The purpose of this paper is to assess the strengths and weaknesses of the President Obama Youth African Leadership Initiative (YALI) program with evidence from experts and other relevant stakeholders. This study examines YALI program with a focus on entrepreneurship and public management.
Qualitative semi-structured interviews used in this study explore the understanding and diverse views of various stakeholder experts on training of young leaders in entrepreneurship and public management in Africa regarding the YALI program.
The study provides insight into the importance of the YALI program, but questions whether it can make a positive impact and be effectively implemented in Africa. The findings suggest that there is lack of clarity in the objectives of the program, particularly with regards to the role of the key stakeholders including academics, government institutions, policymakers and the private sector. The results underscore the need for sound and clear-cut government policies toward entrepreneurship development that will foster a better relationship between the African governments and the United States Agency for International Development program.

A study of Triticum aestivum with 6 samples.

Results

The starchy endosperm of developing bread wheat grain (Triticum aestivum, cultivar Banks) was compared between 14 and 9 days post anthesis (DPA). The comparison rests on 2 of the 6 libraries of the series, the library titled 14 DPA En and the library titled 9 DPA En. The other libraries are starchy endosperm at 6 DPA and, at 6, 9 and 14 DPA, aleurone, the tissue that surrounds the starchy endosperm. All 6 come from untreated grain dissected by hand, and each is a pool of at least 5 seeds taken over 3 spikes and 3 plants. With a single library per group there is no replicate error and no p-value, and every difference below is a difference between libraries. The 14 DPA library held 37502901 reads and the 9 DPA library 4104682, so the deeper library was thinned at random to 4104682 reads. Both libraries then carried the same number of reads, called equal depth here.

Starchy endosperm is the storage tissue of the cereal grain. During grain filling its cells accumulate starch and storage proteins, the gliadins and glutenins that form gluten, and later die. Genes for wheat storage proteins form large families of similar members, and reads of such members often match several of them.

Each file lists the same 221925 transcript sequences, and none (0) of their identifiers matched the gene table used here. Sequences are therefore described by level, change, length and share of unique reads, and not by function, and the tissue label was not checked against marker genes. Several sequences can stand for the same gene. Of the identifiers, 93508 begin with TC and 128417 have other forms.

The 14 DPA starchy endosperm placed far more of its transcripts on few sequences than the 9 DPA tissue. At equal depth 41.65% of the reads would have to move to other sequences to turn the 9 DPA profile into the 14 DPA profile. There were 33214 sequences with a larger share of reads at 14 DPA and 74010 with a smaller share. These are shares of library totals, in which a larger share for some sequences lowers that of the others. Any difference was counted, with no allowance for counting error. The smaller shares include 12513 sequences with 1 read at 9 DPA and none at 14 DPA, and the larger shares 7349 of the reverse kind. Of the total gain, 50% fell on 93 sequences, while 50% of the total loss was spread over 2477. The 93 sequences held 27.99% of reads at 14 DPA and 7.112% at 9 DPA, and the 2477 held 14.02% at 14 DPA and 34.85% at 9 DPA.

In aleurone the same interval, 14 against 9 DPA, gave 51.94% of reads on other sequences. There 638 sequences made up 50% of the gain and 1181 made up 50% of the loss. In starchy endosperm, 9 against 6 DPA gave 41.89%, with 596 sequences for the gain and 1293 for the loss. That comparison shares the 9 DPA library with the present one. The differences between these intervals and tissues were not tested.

The study focused on academic experts and a number of policymakers and may not have been representative of all stakeholders.
The study specifically emphasizes policies that target entrepreneurship training and education for women and youth, using a participatory approach and multi-stakeholder partnership to promote innovative entrepreneurship and social development in the continent.
All interview participants are gratefully acknowledged for their valuable time and contributions. The author is also grateful to Christen Malaidza for transcribing the interviews and Ms Jessica Leigh for editing the manuscript. Special thanks to Professor Kelly Martin, Professor DeTienne Dawn (Colorado State University, USA) and Professor Colin Mason (University of Glasgow, UK) for helpful review, correction and constructive comments on earlier version of the manuscript. Part of this work was submitted for the award of Master of Public Policy at the University of Oxford, UK. The views expressed by the author do not necessarily reflect the views of the CSU, University of Oxford, UNU-IAS and organizations that participated in the study. The research work was conceived and designed at the United Nations University-Institute for the Advanced Study of Sustainability (UNU-IAS), Headquarters, Tokyo, Japan.